In my presentation last week, I gave a smorgasbord of information concerning the government's involvement in forcing the broadcast industry to adopt a digital format. I alluded to and mentioned that the United States Congress has been interested in changing the broadcast system since the late 1980s. All of these documents, which are available due to public disclosure requirements, can be found through the Texas A&M Library website. Feel free to reference these documents, as you will find them both informative and easy to read.
Of even greater interest to you will more than likely be some of the more interactive ways that you can learn about the digital transition and be able to inform others. At the beginning of my presentation, I learned that many of you had heard about the digital transition, but post-presentation conversations revealed that this knowledge was limited to simply knowing that it will happen. The government and the broadcast industry are working together in order to better inform the public of what they must do in order to continue to receive television signals. This is all part of the FCC/Congress working together in order to enact the law that they have established. Now comes the interactive part. You can become a DTV Deputy!!! The FCC, in order to draw in people to understand the DTV switchover better, has created a 10 question Flash quiz. Score a 70 or better, and you too can become a DTV Deputy!
If reading documents or being deputized isn't your thing, check out these YouTube videos on the history of television. Each decade is only about three minutes long and covers some of the information we learned in class. It can be a great way to see where we have been, and where we are headed with the transition next February. As finals approach, I would recommend these videos to help review parts of television history. They're made by the Consumer Electronics Association, so you know that the information within is quite accurate. I've posted a link to the channel as well as an example below. I have also posted a video that they made concerning the digital switch. It's more animated than I could be in class, and may help you understand more of what will happen next February.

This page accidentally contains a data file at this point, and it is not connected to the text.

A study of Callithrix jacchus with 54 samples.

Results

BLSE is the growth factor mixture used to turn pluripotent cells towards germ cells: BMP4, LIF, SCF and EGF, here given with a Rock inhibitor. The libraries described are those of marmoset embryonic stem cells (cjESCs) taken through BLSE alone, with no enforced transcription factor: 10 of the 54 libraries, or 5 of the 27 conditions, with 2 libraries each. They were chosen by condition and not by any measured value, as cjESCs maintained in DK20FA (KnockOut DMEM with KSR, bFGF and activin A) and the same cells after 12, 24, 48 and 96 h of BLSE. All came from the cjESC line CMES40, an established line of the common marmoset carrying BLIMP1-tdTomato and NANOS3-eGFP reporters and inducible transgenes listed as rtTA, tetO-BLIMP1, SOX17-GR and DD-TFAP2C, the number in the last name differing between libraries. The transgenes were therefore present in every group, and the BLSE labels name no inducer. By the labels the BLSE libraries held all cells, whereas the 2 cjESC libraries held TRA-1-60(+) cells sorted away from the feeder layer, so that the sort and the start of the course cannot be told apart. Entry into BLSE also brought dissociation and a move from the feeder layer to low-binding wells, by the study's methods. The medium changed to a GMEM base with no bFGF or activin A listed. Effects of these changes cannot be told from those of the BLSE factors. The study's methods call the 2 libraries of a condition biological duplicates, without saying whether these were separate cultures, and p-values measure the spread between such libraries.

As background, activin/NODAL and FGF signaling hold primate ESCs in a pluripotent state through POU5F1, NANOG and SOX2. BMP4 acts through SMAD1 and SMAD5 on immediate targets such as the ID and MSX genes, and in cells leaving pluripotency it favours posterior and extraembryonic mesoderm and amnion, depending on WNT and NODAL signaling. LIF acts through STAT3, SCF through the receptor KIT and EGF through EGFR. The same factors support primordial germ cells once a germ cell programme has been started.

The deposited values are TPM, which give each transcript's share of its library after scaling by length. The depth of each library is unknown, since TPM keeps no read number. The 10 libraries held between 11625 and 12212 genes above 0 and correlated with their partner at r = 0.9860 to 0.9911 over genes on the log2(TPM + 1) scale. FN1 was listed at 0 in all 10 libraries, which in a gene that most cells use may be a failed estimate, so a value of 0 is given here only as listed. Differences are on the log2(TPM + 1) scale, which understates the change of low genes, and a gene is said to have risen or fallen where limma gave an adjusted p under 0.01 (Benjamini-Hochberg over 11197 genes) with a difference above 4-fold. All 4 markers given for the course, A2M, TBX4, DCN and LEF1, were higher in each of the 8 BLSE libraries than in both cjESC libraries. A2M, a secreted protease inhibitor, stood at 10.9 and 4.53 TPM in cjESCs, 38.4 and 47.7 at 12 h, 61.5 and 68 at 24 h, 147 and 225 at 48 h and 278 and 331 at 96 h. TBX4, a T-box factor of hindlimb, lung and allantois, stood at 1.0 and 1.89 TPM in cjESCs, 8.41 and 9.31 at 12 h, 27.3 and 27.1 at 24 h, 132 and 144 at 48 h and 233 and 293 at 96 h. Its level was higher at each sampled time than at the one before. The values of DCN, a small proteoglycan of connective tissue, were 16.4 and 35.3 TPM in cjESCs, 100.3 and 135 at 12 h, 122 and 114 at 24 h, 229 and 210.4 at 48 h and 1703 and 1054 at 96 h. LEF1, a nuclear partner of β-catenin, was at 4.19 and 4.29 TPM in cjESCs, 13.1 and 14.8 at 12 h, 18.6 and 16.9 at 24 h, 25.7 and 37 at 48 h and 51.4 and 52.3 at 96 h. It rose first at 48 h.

YouTube Channel: DTV Transition
Digital television will revolutionize some of the ways that we communicate. As we continue to merge technology into technology, we can only ask more questions of what the next generation of devices will bring. Could television, with the advent of digital broadcasts, begin to replace the computer as a primary form of personalized information? Will your TV more intimately interface into your home network without a third-party device? As TV goes digital, we can only expect that the industry will find more ways to stun us. Because of government action, we can expect that our technology will continue to evolve to higher speeds, and more content. So tune in on February 17, 2009 and see what's new in your neighborhood.